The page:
Our smokes are too cheap


The Ministry of Health and Welfare plans to raise the average price of a pack of local cigarettes from 2,500 won ($2.45) to 4,500 won. It aims to apply the new price next year after revising relevant laws at the National Assembly this year. The ministry expects the price hike to help lower our alarmingly high smoking rate to the 20 percent range from a current 44 percent.

Korean tobacco prices are much lower than in other developed countries. Due to a 10-year price cap after a 500 won increase in 2004, the local cigarette price has been fixed at 2,500 won - compared to the OECD average of 7,000 won. Korea’s smoking rate is nearly two times higher than the rate in other advanced economies. In Norway and Australia, where a pack of cigarettes is sold for more than 16,000 won, smoking rates are only 28 percent and 21 percent, respectively.

The World Health Organization and other experts at home and abroad contend that a big price hike is the most effective way to curb smoking. The proposal by Minister of Health and Welfare Moon Hyung-pyo for the cigarette price to be upped to 4,500 won - an 80 percent increase - is reasonable. The new price will have a particular impact on the younger generation.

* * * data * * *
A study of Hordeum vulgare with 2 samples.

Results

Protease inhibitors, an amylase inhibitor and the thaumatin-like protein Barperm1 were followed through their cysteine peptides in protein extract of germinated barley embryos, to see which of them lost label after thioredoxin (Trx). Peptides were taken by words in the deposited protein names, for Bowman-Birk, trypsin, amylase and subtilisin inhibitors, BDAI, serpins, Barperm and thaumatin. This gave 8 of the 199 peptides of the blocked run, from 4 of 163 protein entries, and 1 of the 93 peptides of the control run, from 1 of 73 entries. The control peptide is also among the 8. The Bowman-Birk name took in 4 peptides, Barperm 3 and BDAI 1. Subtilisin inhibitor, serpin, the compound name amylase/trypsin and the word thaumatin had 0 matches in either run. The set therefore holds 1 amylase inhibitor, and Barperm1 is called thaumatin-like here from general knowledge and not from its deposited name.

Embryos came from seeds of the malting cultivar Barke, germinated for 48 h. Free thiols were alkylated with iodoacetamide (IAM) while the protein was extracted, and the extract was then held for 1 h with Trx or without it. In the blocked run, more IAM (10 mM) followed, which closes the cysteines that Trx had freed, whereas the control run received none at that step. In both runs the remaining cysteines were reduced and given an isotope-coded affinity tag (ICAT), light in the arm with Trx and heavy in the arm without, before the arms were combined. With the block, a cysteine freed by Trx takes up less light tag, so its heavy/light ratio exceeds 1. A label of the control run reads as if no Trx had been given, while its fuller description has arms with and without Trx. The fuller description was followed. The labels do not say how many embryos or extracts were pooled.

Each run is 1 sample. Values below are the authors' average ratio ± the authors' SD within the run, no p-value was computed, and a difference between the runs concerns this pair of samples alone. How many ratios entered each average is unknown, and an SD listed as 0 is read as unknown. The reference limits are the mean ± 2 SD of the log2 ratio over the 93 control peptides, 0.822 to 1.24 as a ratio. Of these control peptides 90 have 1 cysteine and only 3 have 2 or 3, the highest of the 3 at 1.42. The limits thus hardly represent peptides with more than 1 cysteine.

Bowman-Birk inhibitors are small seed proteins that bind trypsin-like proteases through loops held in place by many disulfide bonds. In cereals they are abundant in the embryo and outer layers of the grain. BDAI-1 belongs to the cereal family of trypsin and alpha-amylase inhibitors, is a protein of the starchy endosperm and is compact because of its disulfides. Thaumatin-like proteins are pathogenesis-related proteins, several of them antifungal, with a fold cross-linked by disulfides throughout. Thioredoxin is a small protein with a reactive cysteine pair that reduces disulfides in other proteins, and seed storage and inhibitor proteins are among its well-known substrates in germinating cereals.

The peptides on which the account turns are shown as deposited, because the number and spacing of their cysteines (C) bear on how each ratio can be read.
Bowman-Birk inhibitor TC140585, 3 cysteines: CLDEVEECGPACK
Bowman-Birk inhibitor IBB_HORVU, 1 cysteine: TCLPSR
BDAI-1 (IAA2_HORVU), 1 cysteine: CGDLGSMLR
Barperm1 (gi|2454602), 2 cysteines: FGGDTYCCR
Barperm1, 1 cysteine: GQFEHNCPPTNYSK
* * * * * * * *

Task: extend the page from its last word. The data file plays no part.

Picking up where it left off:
Some experts wanted a price hike of 500 won or 1,000 won, or a 2,000 won hike over time. But that will lessen the desired effect of a price hike, and will only benefit tobacco companies. In 2004, the government was determined to raise the price by 1,000 won by splitting the increase into two, but it ended up with a 500 won increase. If the government lifts the price, it can get an additional tax revenue of nearly 3 trillion won. Of the sum, the health and welfare ministry’s share must be spent on improving smokers’ health or raising awareness about health risks.

Also, the government needs to consider the idea of putting graphic depictions of smoking’s effects such as lung cancer or gum disease on the cover of cigarette packs. Seventy countries around the world have introduced such policies over the last decade. The health authorities, too, must regulate smoking scenes in movies, considering the harmful inspiration celebrity actors and actresses may give to young audiences.

Political circles must stop their knee-jerk opposition to cigarette price hikes on the grounds of an increased tax burden for the poorer class. The fact is that a higher smoking rate leads to more diseases, including lung cancer. Lawmakers must pass the changes, because otherwise the underprivileged will pay more for medical treatments.